The World Of Scouting
We’ve all seen a scout at some time in our life. Whether it’s a girl scout selling you delicious cookies or a boy helping the community, you have seen at least one and more than likely one in his or her uniform with its recognizable merit badges seemingly covering every inch. Scouts were and still are a popular group among the youth, and many of our leaders today were once a part of the organization.
What Are the Scouts All About?
Glad you asked. The whole point is to teach children valuable skills, aiding in them in their physical, mental and spiritual development. The uniforms and group work teach unity while the merit badge system promotes individualism and strengthening their own qualities. The organization has been around for about one hundred years. It sounds like they are doing something right. Those who have been part of the Scouts are more likely to make well-judged decisions and develop a sense of independence, which is just what you would want out of a leader.
So How Did This Start?
It all began in the early 1900s with Robert Baden-Powell in England.
He was a lieutenant general in the British army who taught his troops about scouting. He discovered that by teaching his men the skills to survive in the wilderness, the troops were less likely to follow orders blindly and could make decisions more efficiently than troops with no scout training. Because of this and his own joy for scouting, he wrote the book Aids to Scouting.
The little manual was a success. Young boy and even men were highly interested in it. Some instructors had even begun using it for their organizations’ teaching. Powell took the suggestion to create a program like his manual but without the military side of it so it would be more geared towards the youth. He saw that the only organizations to help the boys grow had a heavy military influence, which he felt was an unattractive way to reach the same result his program would have.
So in 1907, Powell and his publisher went on a speaking tour to promote the new book Scouting for Boys.
When the book was published, over twenty-one countries fell in love with scouting and created their own youth programs based off of Powell’s ideas within three years. Scouting spread like a virus across the world. The United States employed the program, calling it the Boy Scouts Association (BSA). Now we have hundreds of countries with their own scouting organizations, all using Powell’s book as a foundation.
Obviously, the girls followed suit with their organization Girl Guides (now known as Girl Scouts), originally headed by Powell’s sister and then his wife. Just like the Boy Scouts, the Girl Guides had a hierarchy system. The boys hierarchy started at Cub Scouts, moves to Boy Scouts and finally to Rover Scouts. The girls began with Brownie Scouts and rank up to Girl Scouts and then Ranger Scouts. The terminology did change over time for some countries. In the United States, the highest honor for boys and girls are Eagle Scout and Gold Award respectively.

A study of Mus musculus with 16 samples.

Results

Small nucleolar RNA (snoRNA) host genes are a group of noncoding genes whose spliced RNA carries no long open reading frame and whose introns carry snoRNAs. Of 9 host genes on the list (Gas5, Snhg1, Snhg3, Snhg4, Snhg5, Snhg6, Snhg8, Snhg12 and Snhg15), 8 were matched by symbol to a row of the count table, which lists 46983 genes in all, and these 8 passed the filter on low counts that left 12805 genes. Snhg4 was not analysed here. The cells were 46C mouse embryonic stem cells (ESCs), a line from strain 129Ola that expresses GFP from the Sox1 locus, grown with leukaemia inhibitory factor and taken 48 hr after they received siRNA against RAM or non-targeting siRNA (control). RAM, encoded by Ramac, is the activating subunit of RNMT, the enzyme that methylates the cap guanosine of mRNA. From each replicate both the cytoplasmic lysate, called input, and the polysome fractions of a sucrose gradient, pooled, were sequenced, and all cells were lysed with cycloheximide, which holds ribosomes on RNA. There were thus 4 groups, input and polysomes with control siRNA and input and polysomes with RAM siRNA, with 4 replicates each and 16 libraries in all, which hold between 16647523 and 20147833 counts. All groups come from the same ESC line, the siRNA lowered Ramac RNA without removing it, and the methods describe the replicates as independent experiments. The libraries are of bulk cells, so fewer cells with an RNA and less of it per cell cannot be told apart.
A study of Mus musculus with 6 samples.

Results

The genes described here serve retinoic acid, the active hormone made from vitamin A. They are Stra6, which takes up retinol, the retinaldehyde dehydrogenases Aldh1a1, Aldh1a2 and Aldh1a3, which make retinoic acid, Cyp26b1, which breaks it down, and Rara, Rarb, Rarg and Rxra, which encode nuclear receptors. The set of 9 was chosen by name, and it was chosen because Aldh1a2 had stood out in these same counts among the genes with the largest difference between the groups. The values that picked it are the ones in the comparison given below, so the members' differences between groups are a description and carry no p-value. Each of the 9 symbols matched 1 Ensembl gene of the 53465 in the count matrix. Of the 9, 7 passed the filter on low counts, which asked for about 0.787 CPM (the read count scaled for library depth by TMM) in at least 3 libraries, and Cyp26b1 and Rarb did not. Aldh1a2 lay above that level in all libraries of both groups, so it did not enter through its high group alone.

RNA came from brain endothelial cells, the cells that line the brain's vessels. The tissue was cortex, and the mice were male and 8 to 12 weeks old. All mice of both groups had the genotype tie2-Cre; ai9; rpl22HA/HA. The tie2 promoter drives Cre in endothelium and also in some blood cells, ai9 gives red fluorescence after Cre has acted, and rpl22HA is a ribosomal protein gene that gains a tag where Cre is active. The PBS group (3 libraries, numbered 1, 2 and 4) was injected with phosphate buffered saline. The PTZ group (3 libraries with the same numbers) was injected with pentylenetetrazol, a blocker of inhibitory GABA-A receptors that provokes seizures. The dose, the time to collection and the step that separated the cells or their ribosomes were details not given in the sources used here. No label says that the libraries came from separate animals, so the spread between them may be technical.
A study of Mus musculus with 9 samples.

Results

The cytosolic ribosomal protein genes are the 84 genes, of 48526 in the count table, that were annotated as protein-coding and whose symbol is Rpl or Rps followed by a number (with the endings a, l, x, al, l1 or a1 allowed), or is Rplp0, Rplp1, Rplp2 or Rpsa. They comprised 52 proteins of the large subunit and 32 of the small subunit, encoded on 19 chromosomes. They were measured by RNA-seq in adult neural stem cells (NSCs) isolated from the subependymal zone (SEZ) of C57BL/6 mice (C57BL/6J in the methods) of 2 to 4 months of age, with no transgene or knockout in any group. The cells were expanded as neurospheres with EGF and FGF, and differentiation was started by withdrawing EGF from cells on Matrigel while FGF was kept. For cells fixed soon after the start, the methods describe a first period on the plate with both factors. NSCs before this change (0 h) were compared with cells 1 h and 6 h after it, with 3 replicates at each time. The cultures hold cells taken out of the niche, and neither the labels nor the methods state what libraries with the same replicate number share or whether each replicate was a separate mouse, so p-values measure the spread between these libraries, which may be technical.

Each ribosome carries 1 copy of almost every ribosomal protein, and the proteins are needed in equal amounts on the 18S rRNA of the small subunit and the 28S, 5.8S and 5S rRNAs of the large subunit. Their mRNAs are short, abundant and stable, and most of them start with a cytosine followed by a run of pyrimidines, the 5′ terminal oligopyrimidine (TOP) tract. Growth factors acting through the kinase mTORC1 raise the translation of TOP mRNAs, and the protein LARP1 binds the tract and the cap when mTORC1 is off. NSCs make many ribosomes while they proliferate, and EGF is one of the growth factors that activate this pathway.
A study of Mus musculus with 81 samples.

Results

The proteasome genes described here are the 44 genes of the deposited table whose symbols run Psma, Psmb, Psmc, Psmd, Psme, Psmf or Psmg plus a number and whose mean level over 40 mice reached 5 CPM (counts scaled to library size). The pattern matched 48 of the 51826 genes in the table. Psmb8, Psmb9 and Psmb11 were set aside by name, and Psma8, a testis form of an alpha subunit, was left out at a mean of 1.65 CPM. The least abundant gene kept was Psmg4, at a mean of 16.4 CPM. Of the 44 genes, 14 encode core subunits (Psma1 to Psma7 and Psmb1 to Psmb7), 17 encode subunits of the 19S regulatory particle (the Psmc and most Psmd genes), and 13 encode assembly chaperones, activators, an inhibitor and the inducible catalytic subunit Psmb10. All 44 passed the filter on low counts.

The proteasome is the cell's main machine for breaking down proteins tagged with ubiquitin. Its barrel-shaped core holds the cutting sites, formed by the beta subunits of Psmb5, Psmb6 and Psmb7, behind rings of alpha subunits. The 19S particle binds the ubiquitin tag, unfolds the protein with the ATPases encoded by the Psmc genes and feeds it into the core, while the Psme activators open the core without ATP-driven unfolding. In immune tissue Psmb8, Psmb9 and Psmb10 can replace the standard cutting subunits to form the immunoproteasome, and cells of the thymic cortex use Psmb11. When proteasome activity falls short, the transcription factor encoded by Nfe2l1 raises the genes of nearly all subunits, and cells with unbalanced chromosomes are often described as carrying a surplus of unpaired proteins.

Where Do Patches Fit Into All of This?
Within the Scouts, patches are known as Merit Badges and they go hand in hand with the organization. They were originally based off of military patches, concerning the rising rank. Scouts can only get badges by completing series of tasks. Each badge requires different tasks to be performed.
America initially created fourteen embroidered merit badges immediately after their program was started, but they turned out to be just for show. It wasn’t until 1911 that fifty-seven official and original badge designs were developed and handed out to the recipients. Now, only eleven of those original badges are still in use: architecture, art, athletics, chemistry, first-aid, lifesaving, music, plumbing, public health and surveying. Of those eleven, only five are available in every generation of scout badges: architecture, art, chemistry, plumbing and public health.
The different badges come and go so quickly. Some are retired or replace while new ones are introduced into the system. For instance, there was once an automobile badge but that was retired when driving became common. A nuclear science badge was added in once science became more advanced. Some badges will even be retired when they become less popular. The most popular ones are generally the ones required to achieve the Eagle Scout rank.
Collecting badges is popular for formers scouts and non-scouts. There are even classification types based on the different designs the patches have been through over all this time, which have been labeled Type A through K. It was in 1986 when badges were classified by number for easier cataloging purposes.
What’s With Badges Today?
Now Scouts have hundreds of badges they can earn. Every year some are retired and introduced, pushing the Scout programs ahead to teach children life lessons and skills.
Scouting is still useful in today’s society, showing the youth how to work together and not lose their sense of individuality. Never stop striving forward.